To my right is a picture frame filled with old photos of me as a kid. In one I’m holding my little brother, each of us equally bedecked in some hideous early-80s fashion, and we’re smiling with all of the joy and mischief of childhood. In another, I’m turned out in a strange looking suit/tux/waitstaff ensemble, holding a satin pillow in front of a church altar, the literal picture of an elfish ring bearer. In still another I’m a slack-jawed infant with powder blue booties stretched over chubby feet. And just above that picture is one in which I sport a shaggy blond bowl cut, 4-inch shirt lapels, and a brown suede sportcoat.
Can you say “child of the 70s”?
I’m looking at these old photos of myself, and I’m thinking about the distances I’ve covered as a human being. The roads I’ve traveled; the choices I’ve made; the changes I’ve endured in order to become myself.
It’s not everyday that you get a quiet household and relatively few demands on your time, so when you do, it’s a lot easier for the mind to reflect like this. So I find myself looking at myself and wondering, “Was I really happy then?”
It’s a stupid question. I mean, why wouldn’t I have been happy then? I had a great home, good friends, a wonderful family, and I was yet to be soiled by so much of adulthood. I realize not everyone has an idyllic childhood, but I certainly did, and the thought suddenly occurs to me that, at least in my case, unhappiness is an adult invention.
I mean, why should I ever be unhappy? Life has thrown me a few curveballs, yes, but for the most part I live a life that 90% of the world would love to lead; I have a well-built house with power and running water, two working cars, two healthy kids, a smoking hot wife, and a job that allows me to read, write, think and teach for a living.
So occasionally I don’t get my way. Big deal. Happened a lot when I was kid (usually in the toy aisle of the local K-Mart or Richway–back when Snellville wasn’t so cosmopolitan) and though the disappointment was palpable, it was short-lived. Ten seconds, maybe? A minute or two if I really turned on the pout.
But as an adult, let something not go my way and I can become apoplectic; let multiple things not go my way in one day and I become the Incredible Hulk with a toothache and a hemmorhoid.
I was reminded of this on Tuesday; the pollen was making my head into a pulsating glob of mucus, the Internet was on the fritz so I hadn’t gotten any work done that day, I was tired, I skipped lunch so my stomach was growling, and I just generally felt like the world owed me big time. Lugging that attitude around the kitchen, I accidentally knocked something over – a little glass globe that my son had made at school that was filled with some dirt and green rocks – and heard the tinkling of glass.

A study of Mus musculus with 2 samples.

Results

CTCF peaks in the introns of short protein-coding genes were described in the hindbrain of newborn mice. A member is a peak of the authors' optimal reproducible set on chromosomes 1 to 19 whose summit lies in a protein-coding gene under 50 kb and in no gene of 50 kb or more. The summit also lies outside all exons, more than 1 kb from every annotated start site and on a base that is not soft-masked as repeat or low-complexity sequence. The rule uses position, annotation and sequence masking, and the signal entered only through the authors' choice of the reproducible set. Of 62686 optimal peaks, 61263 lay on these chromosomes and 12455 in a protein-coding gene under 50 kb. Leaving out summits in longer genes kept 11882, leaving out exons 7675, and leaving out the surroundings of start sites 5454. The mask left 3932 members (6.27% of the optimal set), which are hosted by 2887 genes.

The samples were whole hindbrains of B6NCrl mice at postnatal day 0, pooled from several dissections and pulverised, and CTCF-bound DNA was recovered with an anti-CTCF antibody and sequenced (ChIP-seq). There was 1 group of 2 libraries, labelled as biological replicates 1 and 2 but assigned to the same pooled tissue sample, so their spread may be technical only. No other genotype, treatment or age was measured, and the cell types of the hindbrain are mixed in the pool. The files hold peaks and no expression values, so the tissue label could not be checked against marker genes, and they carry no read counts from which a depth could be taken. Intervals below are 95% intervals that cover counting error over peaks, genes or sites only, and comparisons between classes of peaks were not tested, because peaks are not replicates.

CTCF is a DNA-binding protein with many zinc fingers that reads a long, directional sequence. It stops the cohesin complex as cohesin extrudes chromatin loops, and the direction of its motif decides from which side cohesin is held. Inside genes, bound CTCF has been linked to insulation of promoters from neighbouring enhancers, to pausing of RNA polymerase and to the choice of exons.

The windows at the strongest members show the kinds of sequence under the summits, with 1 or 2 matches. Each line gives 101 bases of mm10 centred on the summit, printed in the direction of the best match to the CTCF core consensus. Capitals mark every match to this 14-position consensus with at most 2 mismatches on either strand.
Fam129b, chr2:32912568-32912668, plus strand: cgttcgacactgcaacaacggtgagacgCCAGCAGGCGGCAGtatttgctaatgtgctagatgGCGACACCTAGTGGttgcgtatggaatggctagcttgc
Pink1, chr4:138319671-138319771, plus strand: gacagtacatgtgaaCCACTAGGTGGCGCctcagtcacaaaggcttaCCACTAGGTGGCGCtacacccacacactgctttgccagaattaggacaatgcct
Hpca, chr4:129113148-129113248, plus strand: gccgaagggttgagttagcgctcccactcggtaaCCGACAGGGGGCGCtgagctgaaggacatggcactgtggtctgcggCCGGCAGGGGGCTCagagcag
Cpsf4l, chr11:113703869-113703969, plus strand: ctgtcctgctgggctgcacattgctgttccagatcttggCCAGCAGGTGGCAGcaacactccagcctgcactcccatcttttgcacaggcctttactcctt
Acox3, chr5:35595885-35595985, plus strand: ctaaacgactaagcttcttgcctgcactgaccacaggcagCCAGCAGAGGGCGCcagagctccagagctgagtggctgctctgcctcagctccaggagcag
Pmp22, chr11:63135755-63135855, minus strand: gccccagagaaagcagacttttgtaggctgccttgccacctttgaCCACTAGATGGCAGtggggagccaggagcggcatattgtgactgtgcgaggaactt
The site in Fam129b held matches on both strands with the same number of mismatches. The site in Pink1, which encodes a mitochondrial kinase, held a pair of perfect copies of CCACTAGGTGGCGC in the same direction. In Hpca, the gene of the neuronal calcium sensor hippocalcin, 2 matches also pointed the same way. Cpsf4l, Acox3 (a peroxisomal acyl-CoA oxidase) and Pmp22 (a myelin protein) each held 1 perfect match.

I’d broken my son’s trinket. And dirt had fallen all over the floor and counter. And now there was glass everywhere.
The bile rose so fast you’d have thought it was on Cialis. I snatched that little globe off the counter and stalked over to the garbage can. I jerked the lid on the can up and raised the damaged globe high over my head and, squeezing it so as to maintain better control, threw it into the trash can as hard as I could, getting little slivers of glass in my fingers as a momento of the occasion.
And when I looked up, there was my daughter, her face ashen. Suddenly, tears poured from the corners of her eye as her lip trembled and she asked in a hushed voice: “Are you mad at me too, daddy?”
I was so outraged her fear didn’t even register. It took my wife saying, “No, Ella. Daddy isn’t mad at you, but he’s not setting a good example right now. He’s letting his anger get the best of him.”
Conviction, thy name is parenthood.
Thinking about it now, it’s so obviously moronic that I feel dumb even typing about it. But at the time, my anger seemed justified. The universe had slighted me. Things weren’t going my way. Who wouldn’t be angry?
I’ll tell you who wouldn’t have been angry: seven year-old me. He would’ve just gone on with his day and played G.I. Joe in the backyard. Or four year-old me; he would’ve just gone to his room and looked at books and doodled for a couple of hours. Or even ten year-old me; he would’ve gone outside and shot baskets until darkness fell or his fingers fell off, whichever came first.
Looking at the pictures of me as a kid, and maybe even more, looking at the living pictures that are my kids, I’m reminded that there was once a time when I didn’t view life so miserably. And I long to get back there.
I’ve been humming that Beatles song all day: “Get back…get back…get back to where you once belonged…”
Maybe it’s time I made that trip in my heart.